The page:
The Conflicts of Interest Board on Tuesday released dispositions on improper vehicle use by Ms. Brann and eight other correction officials.
The board has yet to make public any resolution regarding Ms. Brann’s predecessor, Joseph Ponte, whom the Department of Investigations found to have improperly used a city car to travel back and forth multiple times to Maine, where he was from. Mr. Ponte resigned following the revelations of vehicle misuse and other problems at his department.
As part of that investigation, which was made public in April, it was determined that 20 other correction department officials, including Ms. Brann, who was the acting first deputy commissioner at the time, had also used their vehicles improperly.
A spokeswoman for Mr. de Blasio, Natalie Grybauskas, said in an email on Tuesday that the mayor remained confident in Ms. Brann.
In the signed disposition, Ms. Brann admitted to taking 14 personal trips in 2016 in a department car, which was supposed to be used only while performing official duties or commuting between home and work. She said that she was unaware of the restriction.
As part of the disciplinary action, the correction department required Ms. Brann to reimburse the agency $493 for the mileage on the vehicle, and to forfeit eight days of personal leave, worth $5,824.
Subsequently, the Conflicts of Interest Board determined that Ms. Brann should be fined $6,000. The board required that the fine be paid by cashier’s check, bank check or certified check. Ms. Brann said in the disposition that she complained to a subordinate that it would be difficult for her to get a bank check because her bank was outside New York. Like Mr. Ponte, Ms. Brann comes from Maine.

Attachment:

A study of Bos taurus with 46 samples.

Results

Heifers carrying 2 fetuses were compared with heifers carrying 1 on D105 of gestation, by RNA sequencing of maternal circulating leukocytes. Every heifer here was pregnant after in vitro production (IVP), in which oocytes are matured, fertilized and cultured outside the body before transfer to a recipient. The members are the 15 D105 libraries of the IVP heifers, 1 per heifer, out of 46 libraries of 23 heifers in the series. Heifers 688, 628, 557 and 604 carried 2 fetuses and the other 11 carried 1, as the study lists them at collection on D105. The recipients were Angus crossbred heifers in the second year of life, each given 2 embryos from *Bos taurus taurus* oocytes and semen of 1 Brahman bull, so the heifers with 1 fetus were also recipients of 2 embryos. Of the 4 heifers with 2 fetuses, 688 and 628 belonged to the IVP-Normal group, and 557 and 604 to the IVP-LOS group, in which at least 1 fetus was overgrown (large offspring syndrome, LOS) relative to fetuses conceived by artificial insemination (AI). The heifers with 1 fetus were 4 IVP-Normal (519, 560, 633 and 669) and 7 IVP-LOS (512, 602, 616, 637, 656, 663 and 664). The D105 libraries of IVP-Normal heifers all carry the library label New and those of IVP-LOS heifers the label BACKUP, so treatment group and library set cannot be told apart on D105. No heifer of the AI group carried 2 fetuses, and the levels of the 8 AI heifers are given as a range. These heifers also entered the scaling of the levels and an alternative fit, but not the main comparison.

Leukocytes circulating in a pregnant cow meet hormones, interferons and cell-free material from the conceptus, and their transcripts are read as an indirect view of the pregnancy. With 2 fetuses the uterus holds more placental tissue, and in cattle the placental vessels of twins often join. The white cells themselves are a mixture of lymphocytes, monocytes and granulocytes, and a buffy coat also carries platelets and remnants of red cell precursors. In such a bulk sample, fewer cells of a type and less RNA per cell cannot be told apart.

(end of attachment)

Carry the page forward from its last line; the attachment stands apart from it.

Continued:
She said that she then arranged to give the subordinate a personal check in the amount of the fine and, in exchange, he would go to his bank to get a cashier’s check payable to the board, which he did on Oct. 3. That same day, Mr. de Blasio announced that, after a national search, he had decided to give the commissioner job to Ms. Brann.
Peter Thorne, a correction spokesman, said that Ms. Brann completed an online ethics tutorial in the fall, before she was appointed commissioner — which was before she broke the rules again.
Ms. Brann said in the disposition that she was unaware that it was against ethics rules for her to have a subordinate do her a personal favor.
In an emailed statement, the Department of Investigation commissioner, Mark G. Peters, said that he was pleased that the conflicts board “took this matter seriously and levied these fines.” Asked about the correction department’s handling of the case, Mr. Peters refused to comment.
In at least two recent cases, another city agency, the Department of Environmental Protection, meted out much harsher justice, insisting that employees resign over improper vehicle use. Last year, Joseph Romano Jr. was forced to resign after using a city vehicle during about 50 trips to restaurants, shops and the doctor. This year, Dudley Pierre, an engineer at the Department of Environmental Protection, admitted using a city vehicle for personal purposes 21 times, ending when he got into a collision. He agreed to resign in October.
The same month, Ms. Brann was promoted to commissioner.